Our youngest daughter is 7 years old and recently got her very first iPod touch. She is ecstatic, and I already don't know what she is doing on it.
We have it set up so that she can't access the Internet without getting our permission. And when I say "we" set it up that way, what I mean is that one of our older daughters set it up that way. And once permission is granted, one of the older girls helps her sister figure things out. Just to be clear: it's not that I am incapable of learning how to use these gadgets. (I actually had an iPod nano for a brief period of time until my oldest daughter confiscated it.) It's just that I am always busy either cooking dinner, doing laundry, or any one of the other million things I do each day. And I honestly cannot bring myself to watch my daughter play Temple Run or make fake cupcakes on her iPod. Read to her? Yes. Cook with her? Yes. Cuddle with her? Yes! But watch her cut and style a girl's hair on Toca Boca? I'd rather get a flu shot.
Social networking sites such as Facebook, Twitter and Instagram have changed the way we communicate. The ability to share instantly and indirectly with the masses leaves me with mixed feelings: it can be a lot of fun to post photos and funny happenings, and to see what other people are up to, but it can also be a huge time waster and lead to all sorts of trouble. When people misuse these sites, things can turn nasty very quickly.
When my oldest daughter wanted to join Facebook, I wasn't sure it was the best thing for her. Technically she was old enough, but I didn't know if she was ready to enter the online world. I have seen adults handle social networking poorly, and I tried to imagine what this could look like for junior high schoolers. Here are some guidelines we have established in our home for Facebook, Instagram and other sites:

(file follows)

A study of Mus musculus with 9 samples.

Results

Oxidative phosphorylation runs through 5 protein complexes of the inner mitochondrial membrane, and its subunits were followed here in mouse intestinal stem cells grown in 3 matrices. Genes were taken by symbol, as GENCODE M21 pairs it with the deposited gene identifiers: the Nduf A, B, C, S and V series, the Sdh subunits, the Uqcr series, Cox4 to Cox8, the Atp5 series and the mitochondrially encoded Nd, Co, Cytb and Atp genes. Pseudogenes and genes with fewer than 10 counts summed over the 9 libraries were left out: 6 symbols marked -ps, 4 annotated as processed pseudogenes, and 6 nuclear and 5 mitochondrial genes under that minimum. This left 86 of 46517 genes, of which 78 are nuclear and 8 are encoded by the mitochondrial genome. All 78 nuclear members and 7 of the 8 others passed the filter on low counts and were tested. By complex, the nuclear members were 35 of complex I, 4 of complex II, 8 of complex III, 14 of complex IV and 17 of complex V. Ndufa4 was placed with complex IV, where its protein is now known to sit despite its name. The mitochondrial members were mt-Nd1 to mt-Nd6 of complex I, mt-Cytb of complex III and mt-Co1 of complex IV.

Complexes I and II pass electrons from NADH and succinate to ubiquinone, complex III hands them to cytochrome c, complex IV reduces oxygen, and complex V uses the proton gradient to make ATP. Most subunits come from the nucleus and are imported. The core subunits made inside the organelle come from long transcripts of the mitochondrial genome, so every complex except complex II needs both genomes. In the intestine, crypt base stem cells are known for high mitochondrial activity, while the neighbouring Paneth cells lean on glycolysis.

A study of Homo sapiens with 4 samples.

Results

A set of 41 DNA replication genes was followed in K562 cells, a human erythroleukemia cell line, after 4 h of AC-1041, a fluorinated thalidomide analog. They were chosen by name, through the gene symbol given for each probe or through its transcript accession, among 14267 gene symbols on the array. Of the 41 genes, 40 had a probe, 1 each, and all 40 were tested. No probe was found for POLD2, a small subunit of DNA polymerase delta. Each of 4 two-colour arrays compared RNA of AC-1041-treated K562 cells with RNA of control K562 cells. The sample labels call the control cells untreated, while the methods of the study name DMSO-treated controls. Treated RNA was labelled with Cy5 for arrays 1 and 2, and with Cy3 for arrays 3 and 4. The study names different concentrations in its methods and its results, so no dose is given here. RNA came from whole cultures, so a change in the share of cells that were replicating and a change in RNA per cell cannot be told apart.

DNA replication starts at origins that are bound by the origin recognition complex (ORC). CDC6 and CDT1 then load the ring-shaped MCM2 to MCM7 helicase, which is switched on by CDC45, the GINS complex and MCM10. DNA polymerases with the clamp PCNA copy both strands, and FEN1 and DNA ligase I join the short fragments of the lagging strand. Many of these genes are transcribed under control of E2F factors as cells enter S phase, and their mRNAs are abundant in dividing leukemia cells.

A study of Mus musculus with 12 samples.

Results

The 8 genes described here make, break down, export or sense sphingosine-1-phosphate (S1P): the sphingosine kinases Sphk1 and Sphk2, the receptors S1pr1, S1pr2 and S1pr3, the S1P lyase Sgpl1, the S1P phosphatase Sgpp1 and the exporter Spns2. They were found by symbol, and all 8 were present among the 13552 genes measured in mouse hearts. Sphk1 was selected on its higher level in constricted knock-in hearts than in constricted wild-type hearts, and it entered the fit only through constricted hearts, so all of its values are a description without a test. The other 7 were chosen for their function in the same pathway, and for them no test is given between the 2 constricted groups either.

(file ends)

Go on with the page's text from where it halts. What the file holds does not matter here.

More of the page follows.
• Hold off for as long as possible. Legally, a person must be 13 years old to sign on to Facebook. Enforce this guideline, and if your children are of age, assess whether or not they have the maturity necessary to navigate the Facebook world. As with many things, just because a child is old enough to engage in a certain activity doesn't necessarily mean it is beneficial for them.
• Only allow your kids to be friends online with relatives and kids who are good friends in real life. Because Facebook is so good at connecting people, your child will be inundated with friend requests once she signs up, and the potential for her to quickly acquire hundreds of friends, (many of whom are acquaintances or even strangers), is high. Explain to your child that just because she receives a friend request doesn't mean she has to accept it. It is not rude to ignore or decline a request.
• Tell your child not to be Facebook friends with kids who use the site inappropriately, and to "unsubscribe" from friends that use profanity, gossip and bully other kids online. Tell them to choose their friends wisely, in the real world, and in cyberspace.
• Monitor your child's Facebook activity. In addition to having your children's passwords for their computers, phones, etc., check out their newsfeeds from time to time. My husband and I occasionally sit down with our daughters to do this; it allows us to see who they are friends with and what kind of content is being posted by both our children and their friends. And because this has always been part of our agreement, our daughters don't see this as an invasion of their privacy.
• Make sure your child understands that whatever he/she posts online is permanent. Future employers and college admissions officers often check a person's online history, and kids need to be aware that once words or photos are out there, they can be impossible to remove.
• Remind your child that being on Facebook is a privilege. If you have regrets or see that your child is not mature enough to navigate social networking, you can pull the plug, with the understanding that you will try again when they are a little older.
My kids are growing up in a very different world than when I was young. And even though our daughters are way more tech savvy than my husband and I are, we still need to teach them the principles for creating good friendships, communicating in positive, encouraging ways and for staying safe online.
• Becky Baudouin is a freelance writer and speaker. She lives in the Northwest suburbs with her husband, Bernie, and their three daughters.